Before the pandemic struck, working from home seemed like a incredible perk for many employees. Employers often fretted about how offering this coveted benefit would affect productivity, teamwork, and communication. Which is why a mere 14 percent of employees were working remotely before COVID-19, according to information from the Bureau of Labor Statistics. Those numbers have drastically increased and remain high even after the nationwide shutdown has lifted. A Stanford researcher estimates that 42 percent of the U.S. labor force is working from home full-time, and an economist from Massachusetts Institute of Technology estimates that nearly half of the workforce is now remote.
Unfortunately, working from home is not proving to be the dream experience that many employees were anticipating, according to new research. Wearing pyjamas all day and working from the couch has become a reality they claim. But the trade-off is often long hours, more virtual meetings, and blurred lines between work and personal life. Some people are benefitting and are enjoying working from home, but for the most part, working remotely is taking its toll concludes researchers.
The Martec Group surveyed 1,214 individuals across various industries, demographics, and seniority levels to identify how working from home during the COVID-19 pandemic is affecting employees. While some blossomed working from home, the survey also found a significant decline in mental health across all industries, seniority levels, and demographics. Job satisfaction, job motivation, and company satisfaction were also negatively affected.
The smallest employee group identified by the Martec Group Work from Home Study was “Thriving Employees.” This group represented a mere 16 percent of employees working from home and are the only group who said they loved it. One-quarter of employees surveyed are identified as “Hopeful Employees” who believe working from home is not for them, but who have complete faith in their company’s management.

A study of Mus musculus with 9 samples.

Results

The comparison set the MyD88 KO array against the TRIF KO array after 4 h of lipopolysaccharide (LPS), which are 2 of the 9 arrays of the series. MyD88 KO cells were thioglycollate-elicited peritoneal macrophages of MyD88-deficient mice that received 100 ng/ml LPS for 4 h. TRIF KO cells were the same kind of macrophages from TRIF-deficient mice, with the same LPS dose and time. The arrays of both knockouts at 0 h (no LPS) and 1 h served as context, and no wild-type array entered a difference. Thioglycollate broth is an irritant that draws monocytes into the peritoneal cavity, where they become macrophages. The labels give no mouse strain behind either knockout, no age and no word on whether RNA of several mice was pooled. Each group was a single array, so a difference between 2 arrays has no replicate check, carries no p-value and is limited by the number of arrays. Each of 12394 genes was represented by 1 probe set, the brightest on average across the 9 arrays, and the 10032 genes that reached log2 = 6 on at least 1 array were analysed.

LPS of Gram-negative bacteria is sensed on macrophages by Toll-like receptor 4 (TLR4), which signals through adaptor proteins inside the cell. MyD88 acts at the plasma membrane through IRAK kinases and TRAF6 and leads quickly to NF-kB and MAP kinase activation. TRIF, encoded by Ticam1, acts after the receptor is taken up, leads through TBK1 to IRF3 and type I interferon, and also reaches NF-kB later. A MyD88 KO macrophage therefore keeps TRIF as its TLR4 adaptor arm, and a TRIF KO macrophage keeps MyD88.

According to the survey, the majority of employees do not like working from home. 27 percent of employees are “Discouraged Employees” who do not like working from home but think their company is doing the best. The remaining 32 percent of employees also now dislike working from home but also don’t think their company is handling the pandemic situation well.
There is more at hand than whether employees truly like working from home after having had the opportunity to experience it. The survey revealed that working from home has a strong negative impact on employees’ mental health. Before COVID-19, 62 percent of employees reported positive mental health. As the pandemic continues, that number has dipped to just 28 percent. Perhaps not surprisingly, job satisfaction and job motivation have also fallen—job satisfaction from 57 percent to 32 percent and job motivation from 56 percent to 36 percent.
It is possible to hypothesize many reasons that so many people are struggling with mental health. Especially as parents attempt to tackle remote learning with their children, many remain unemployed and isolated at home. Interestingly, over a third of people felt their schedules improved (33 percent), and they had a better work-life balance (38 percent) after they started home-working. These benefits did not help to alleviate stress for a significant portion of employees. The Martec Group study found that only 24 percent of employees felt like their stress levels improved working from home, and 42 percent reported increased stress levels. Pay did not seem to be a factor. Only 18 percent of employees said their salary was negatively impacted.
As children return to learning this fall, parents who have been and continue to work from home will likely face additional stressors. While they have been balancing home and work life in one space for months, they now have the added responsibility of also managing schoolwork throughout the day between work meetings and their projects that must be completed.
Working from home does offer the benefits and convenience of no time spent commuting, the ability to do prep work for meals and other housework during free moments in the day, and the freedom to schedule home maintenance and repair appointments at any time of day. But the data shows that working from home is still not the ideal work environment for most employees. What was novel and viewed with a positive outlook months ago has become a challenge for most employees and led to a desire to return to the office as soon as possible for many within the study, which if representative of the wider population, is a watershed moment.